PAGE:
National Security First

Guest Authorby Guest

Feb 7, 2016
8:20 AM

The following is a guest column from Mike Rogers, host of the Westwood One radio program “Something to Think About,” a CNN national security commentator, a Distinguished Fellow at the Hudson Institute, and the past chairman of the U.S. House Permanent Select Committee on Intelligence.

This Tuesday, as you go to vote in the first-in-the-nation primary, remember that the most important duty of your pick for president is as commander-in-chief of our military.  The threats facing the United States are as dangerous as I have ever seen them.  The candidate you vote to become our party’s nominee may well become the leader of the free world.  With all we face, I hope that you will select a candidate who will repair our relationships with our allies, defeat our enemies, and deter our adversaries while ensuring our prosperity here at home.

After I left Congress at the end of 2014, I founded Americans for Peace, Prosperity and Security (APPS) to educate voters on vital issues of national security, and to urge presidential candidates to lay out specific policies on America’s national security challenges.  APPS has hosted 26 forums in four early nominating states, eight here in New Hampshire.  We have had 14 different candidates talk with thousands of politically active Americans.  Granite Staters have been asking complex policy questions of those men and women seeking to be our next commander-in-chief.

APPS has reached out to tens of thousands of voters through forums, email, social media and digital awareness campaigns, because, like you, we know that security is the most vital concern we face.  In a recent poll commissioned by APPS, 38% of likely New Hampshire Republican primary voters viewed national security as the most serious issue in this election.  Of those polled, 54% cited terrorism as the biggest threat to our way of life.  As you vote next Tuesday, be sure to select a candidate that has the character and know-how to lead us through these dangerous times.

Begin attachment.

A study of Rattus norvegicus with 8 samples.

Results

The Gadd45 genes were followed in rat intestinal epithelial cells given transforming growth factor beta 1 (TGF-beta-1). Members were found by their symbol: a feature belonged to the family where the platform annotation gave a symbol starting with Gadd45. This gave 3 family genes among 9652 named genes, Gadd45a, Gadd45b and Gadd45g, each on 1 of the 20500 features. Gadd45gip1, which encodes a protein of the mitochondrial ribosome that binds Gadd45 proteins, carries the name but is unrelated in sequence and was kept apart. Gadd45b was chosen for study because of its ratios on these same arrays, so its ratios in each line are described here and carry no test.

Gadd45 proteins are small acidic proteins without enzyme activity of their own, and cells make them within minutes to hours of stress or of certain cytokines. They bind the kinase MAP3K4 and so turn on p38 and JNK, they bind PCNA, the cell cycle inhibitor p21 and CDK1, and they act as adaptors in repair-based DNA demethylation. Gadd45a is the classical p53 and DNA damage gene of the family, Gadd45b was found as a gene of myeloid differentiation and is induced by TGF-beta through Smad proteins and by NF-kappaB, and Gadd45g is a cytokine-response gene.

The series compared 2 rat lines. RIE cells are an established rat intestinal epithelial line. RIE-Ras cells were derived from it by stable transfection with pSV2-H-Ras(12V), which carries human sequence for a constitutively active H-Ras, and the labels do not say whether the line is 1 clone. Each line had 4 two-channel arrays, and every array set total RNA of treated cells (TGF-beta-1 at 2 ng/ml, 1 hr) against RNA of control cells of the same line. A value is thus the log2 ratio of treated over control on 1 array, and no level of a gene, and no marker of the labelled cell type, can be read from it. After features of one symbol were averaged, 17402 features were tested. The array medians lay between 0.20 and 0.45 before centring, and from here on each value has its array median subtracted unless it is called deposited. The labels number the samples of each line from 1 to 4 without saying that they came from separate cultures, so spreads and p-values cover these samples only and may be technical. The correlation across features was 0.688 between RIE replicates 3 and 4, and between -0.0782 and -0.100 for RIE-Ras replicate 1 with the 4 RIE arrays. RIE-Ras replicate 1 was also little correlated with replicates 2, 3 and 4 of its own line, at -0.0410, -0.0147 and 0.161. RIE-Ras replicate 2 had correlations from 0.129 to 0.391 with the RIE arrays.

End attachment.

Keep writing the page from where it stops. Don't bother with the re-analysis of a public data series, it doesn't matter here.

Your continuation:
Attacks in San Bernardino, Jakarta, Istanbul, and Paris highlight the ongoing struggle against terrorism that make this an issue of global importance.  Instability in Yemen, Libya, Syria and Iraq provides safe havens for terrorists to plan, recruit and finance operations.  Our current strategy to fight ISIS is clearly not effective enough, as fighters disperse from one targeted region to others.  ISIS communications today suggest fighters from Syria and Iraq are migrating to Libya and recruits are being told to avoid coming to the “caliphate.”  The next president must have a nuanced plan to defeat, not contain ISIS.

The Iranian nuclear deal has incentivized an arms race in the Middle East, with Saudi Arabia and Jordan seeking their own nuclear programs in balance.  The deal freed billions in frozen assets for the Ayatollah, the Revolutionary Guard, and the Quds Force and made available billions more in the international commercial market.  Meanwhile, Iran is the world’s greatest exporter of terror and is responsible for the deaths of hundreds of U.S. troops in Iraq by providing sophisticated IEDs to Iranian-backed militias.  The Ayatollah recently pinned “medals of conquest” on the commanders involved in holding our sailors at gunpoint.

The threat from terrorism is great, but our adversaries are also advancing their own interests, at the expense of the United States, our allies, and the neighbors of those aggressors.

China is expanding beyond its coastal waters, building island fortresses in an area claimed by its neighbors, and its military publications talk about creating a naval force capable of projecting power beyond Chinese coastal waters.  To that end it is building its second aircraft carrier and building its first overseas military installation in the horn of Africa.  Meanwhile, the Chinese army and intelligence services steal billions in American intellectual property through cyberespionage, and then turn those products over to Chinese companies to compete directly against us in the international marketplace.

Russia has proven itself willing to invade and occupy its neighbors to expand its military reach, seizing vital waterways by annexing Crimea, and increasing its territory in the country of Georgia a few years ago.  Putin has expanded his presence in Syria, and attacked Syrian and American interests directly by bombing U.S. trained rebel forces fighting against the Assad regime.

The next president will have work to do to repair alliances overseas, while defending us here at home.  I hope that you will think “national security first” as you exercise your civic duty this Tuesday.